Mountjoy back on the Baize
THE LAST time Welsh snooker legend Doug Mountjoy walked out in front of a full audience at the game’s ‘home’, the average house price was £68,000, a pint of bitter cost £1.32 and Bill Clinton has just started his first term as United States President.
It was 1993 at Sheffield’s Crucible Theatre and Stephen Hendry was midway through denying Jimmy White a World Championships title the ‘Whirlwind’ would never win on five final appearances.
A new kid on the block made his debut at the Crucible, a 17-year-old from London by the name of Ronnie O’Sullivan who lost in the first round by 10-7 to gritty Scot Alan McManus later to lose to Hendry in the semi-finals.
Llanelli’s Terry Griffiths was still playing and beat England’s David Roe in round one before Northern Ireland’s Dennis Taylor gained revenge for the 1979 Championships final that saw the West Walian take the trophy for the only time in his life.
Mountjoy, by then aged 50, would have surgery after those World Championships to have a lung removed due to cancer, the effects of his years as a smoker.
But next month, Mountjoy, now aged 68, will be back on the green baize, in front of the TV cameras again, with a full-house audience at Newport Leisure Centre watching – and playing ‘back with my mates’.
The man, who went from digging coal in the mines of Gwent to tackling Steve Davis at the height of the six-times world champion’s green baize powers, is the home nation Welsh guest player on this year’s Legends tour.
White will be in Newport, as will the first man to make a 147 maximum break at The Crucible, Canadian Cliff Thorburn.
Ironically, in making that often-repeated break, Thorburn took Mountjoy’s record for the World Championships, the Welshman having made 145 in 1981 against another six-times world champion, Wales’ own Ray Reardon, in the semi-final.
“It’s only going to be a bit of fun but it will be great to be with my old mates again,” said Mountjoy about his appearance in Newport.
Many wrote off the Blackwood-based potter off in the mid-eighties before legendary coach Frank Callan re-built his game and guided him to the UK Championships and Mercantile Credit Classic titles back-to-back in 1988 and 1989.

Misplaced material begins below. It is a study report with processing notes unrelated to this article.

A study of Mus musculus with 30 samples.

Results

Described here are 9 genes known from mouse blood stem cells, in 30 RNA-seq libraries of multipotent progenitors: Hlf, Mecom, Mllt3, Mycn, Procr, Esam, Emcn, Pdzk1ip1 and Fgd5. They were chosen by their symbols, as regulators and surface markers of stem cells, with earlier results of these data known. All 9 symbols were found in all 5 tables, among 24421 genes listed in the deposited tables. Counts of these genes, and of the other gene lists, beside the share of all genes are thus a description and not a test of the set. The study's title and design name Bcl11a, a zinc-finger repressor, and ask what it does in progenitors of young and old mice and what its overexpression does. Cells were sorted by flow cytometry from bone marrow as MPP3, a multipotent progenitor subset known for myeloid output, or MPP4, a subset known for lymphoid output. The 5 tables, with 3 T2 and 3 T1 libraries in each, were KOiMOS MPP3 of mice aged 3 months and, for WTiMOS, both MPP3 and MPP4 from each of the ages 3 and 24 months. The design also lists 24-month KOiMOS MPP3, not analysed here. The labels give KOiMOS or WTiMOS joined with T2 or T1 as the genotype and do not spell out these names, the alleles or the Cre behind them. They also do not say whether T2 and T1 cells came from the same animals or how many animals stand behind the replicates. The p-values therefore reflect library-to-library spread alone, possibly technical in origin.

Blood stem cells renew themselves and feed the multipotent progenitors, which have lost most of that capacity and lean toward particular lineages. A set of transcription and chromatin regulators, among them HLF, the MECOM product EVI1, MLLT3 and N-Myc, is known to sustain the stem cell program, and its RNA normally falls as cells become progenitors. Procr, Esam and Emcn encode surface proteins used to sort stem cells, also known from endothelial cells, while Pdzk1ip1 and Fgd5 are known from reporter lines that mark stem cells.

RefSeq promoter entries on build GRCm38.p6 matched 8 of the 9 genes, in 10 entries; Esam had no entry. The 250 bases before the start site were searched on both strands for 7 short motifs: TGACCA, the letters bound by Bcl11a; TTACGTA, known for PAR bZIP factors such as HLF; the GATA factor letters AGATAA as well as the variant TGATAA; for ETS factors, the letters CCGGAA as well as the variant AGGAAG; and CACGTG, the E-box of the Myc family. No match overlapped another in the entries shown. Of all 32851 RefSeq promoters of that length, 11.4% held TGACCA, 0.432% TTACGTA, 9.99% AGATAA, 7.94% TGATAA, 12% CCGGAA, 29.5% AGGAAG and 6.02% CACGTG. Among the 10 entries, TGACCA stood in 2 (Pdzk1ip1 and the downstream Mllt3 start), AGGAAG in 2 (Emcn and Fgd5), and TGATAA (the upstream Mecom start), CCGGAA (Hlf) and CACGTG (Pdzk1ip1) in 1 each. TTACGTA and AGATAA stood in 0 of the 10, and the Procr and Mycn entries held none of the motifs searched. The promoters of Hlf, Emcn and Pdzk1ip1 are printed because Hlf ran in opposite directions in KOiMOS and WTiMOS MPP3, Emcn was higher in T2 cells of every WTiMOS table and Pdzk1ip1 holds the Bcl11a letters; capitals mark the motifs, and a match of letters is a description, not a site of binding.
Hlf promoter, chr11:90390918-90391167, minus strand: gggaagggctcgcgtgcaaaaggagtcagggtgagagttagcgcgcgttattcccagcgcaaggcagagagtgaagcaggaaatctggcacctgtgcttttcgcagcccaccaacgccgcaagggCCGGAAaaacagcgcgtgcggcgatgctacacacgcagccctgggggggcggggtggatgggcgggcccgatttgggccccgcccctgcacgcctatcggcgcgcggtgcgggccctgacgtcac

But a bit of fun? Take that with a pinch of salt.
Mountjoy is making sure his game is bang up to scratch and has been preparing for months to get back on the table in Newport, where he won the old Senator Windows Welsh Professional title in 1989.
He has practiced two hours a day, five days a week at Mark Williams’ snooker club in Tredegar where the world number two and another Welsh star, Pontycymmer’s Ryan Day, have often been potting on the next table.
“I’m practicing for it because I have pride in my performance and I’m finding it tough. It has been hard work because what I am looking for is flair – and that’s for the young.
“For me to get the consistency I need takes hours of work.
“But I’m loving it. When I’m practicing, I’m back with the boys like Mark and Ryan. Lee Walker (former World Championships quarter-finalist) comes up as well from Newbridge and Paggy (Main Tour pro Andrew Pagett) practices there too with Mark.
“So it will be good to see how the Legends evening goes and good to see them all again. I haven’t seen Cliff for some time now.”
Thorburn and Mountjoy saw enough of each other on one day back in 1990.
Their second round World Championships match took so long to complete in the afternoon session that, when they reached 6pm still with a couple of frames to play, World Snooker (WPBSA as it was) officials pulled them off the table and stuck them back on after Darren Morgan and Mike Hallett had completed their opening session.
They eventually finished the match sometime in the early hours of the next morning, with only the dedicated snooker-holics staying behind as witnesses to the 13-12 victory for the Canadian.
“That was a long old match,” chuckled Mountjoy. “it was a really tough game and neither of us gave an inch.”
The 1981 semi-final win over Reardon, meanwhile, also brought Mountjoy his greatest Crucible match. He was the man in ‘the other chair’ when Davis won the first of his world titles by 18 frames to 12.
“That was my best match at The Crucible. I may have lost but it says a lot about Steve Davis that he is still around and playing now.
“He had a bad year this year and, at his age (Davis is 53), he may think about retiring. He has worked extremely hard on his game to get back to where he was in the top 16 of the rankings and that is incredible in its’ own right.”
Those golden days of snooker in the 1980s were full of great characters. Other guests on this year’s Legends tour were there, include Bolton’s Tony Knowles and Canada’s ‘Man in the White Suit’ Kirk Stevens.
And, on the subject of clothes, Mountjoy will always be remembered, as much for his brilliant potting as for for his dapper attire, particularly his crisp, white, ruffled shirts.
Will he be getting one of those shirts out of mothballs for the Legends match? After all, for his first appearance on the baize in public for so long, he wants to be perfectly dressed.
“I haven’t got a frilled shirt anymore,” laughed Mountjoy. “I have moved house a few times and they have probably been lost. They may not have fitted me anyway.
“But I think I still have the suits which were tailor-made in those days. I will have to look around for one!”